For the quarter ended 31 December, revenue increased 5.9%, or 4.3% on a constant currency basis, compared to a year ago, while the clothing and home business was up 3.1%, of which about 1.5% was due to a shift in the reporting period, and like-for-like sales rose 2.3%.
Meanwhile, Britain's largest retailer, Tesco - which has been fighting for market share with cut-price rivals Aldi and Lidl - reported a 0.7 per cent rise in like-for-like sales in the seven weeks to January 7 for its domestic market, beating analyst forecasts according to Reuters.
M&S shares were up 1.8% at 346.50 pence on Thursday following the announcement, having jumped around 8.0% just after the open.
The good news from retailers this week continued today with Marks & Spencer and Tesco reporting better than expected clothing and home sales. The group said it will work to build up more-robust customer insight data to better tailor its offering to consumer and will cut promotional activity and the number of ranges in Clothing & Home. "Our Simply Food store pipeline remains strong".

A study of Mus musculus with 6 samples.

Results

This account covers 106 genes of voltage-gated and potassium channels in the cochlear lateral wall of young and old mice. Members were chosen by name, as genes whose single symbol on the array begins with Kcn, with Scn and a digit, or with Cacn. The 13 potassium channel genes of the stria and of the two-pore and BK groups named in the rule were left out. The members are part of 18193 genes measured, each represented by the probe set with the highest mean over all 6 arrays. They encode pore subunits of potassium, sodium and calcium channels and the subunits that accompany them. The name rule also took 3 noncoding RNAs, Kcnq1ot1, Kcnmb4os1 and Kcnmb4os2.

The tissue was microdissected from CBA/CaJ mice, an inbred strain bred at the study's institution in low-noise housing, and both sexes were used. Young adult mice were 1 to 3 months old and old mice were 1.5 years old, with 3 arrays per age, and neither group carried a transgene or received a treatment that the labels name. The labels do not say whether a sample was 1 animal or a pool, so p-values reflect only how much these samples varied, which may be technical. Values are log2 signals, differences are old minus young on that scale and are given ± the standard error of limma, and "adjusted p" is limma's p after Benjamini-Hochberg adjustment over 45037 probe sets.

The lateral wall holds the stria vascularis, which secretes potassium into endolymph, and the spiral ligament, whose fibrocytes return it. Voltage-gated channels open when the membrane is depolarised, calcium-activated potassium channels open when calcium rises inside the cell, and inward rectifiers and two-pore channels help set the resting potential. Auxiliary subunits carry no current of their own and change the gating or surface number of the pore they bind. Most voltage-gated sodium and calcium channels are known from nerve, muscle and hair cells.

The M&S chief executive, Steve Rowe, said "better ranges, better availability and better prices" had helped it improve its performance in a hard marketplace. It's food arm also reportedly rose by 0.6 per cent.
The group's worldwide arm saw sales lift 2.9% on a constant currency basis.
Chief executive Steve Rowe, who took the reins at the high street retailer a year ago, attributed the upbeat numbers to better availability and better prices, as well to the company's move to substantially reduce discounting, including over Black Friday. "We expect the shares to continue to underperform".
Global sales surged by 52 per cent, as Asos benefitted from the weak pound.
Mr Rowe did warn that its next set of quarterly results would be "adversely affected by sale timing and a late Easter".
M&S said its guidance for the full year to the end of March remains unchanged, and it will publish its annual results on May 24.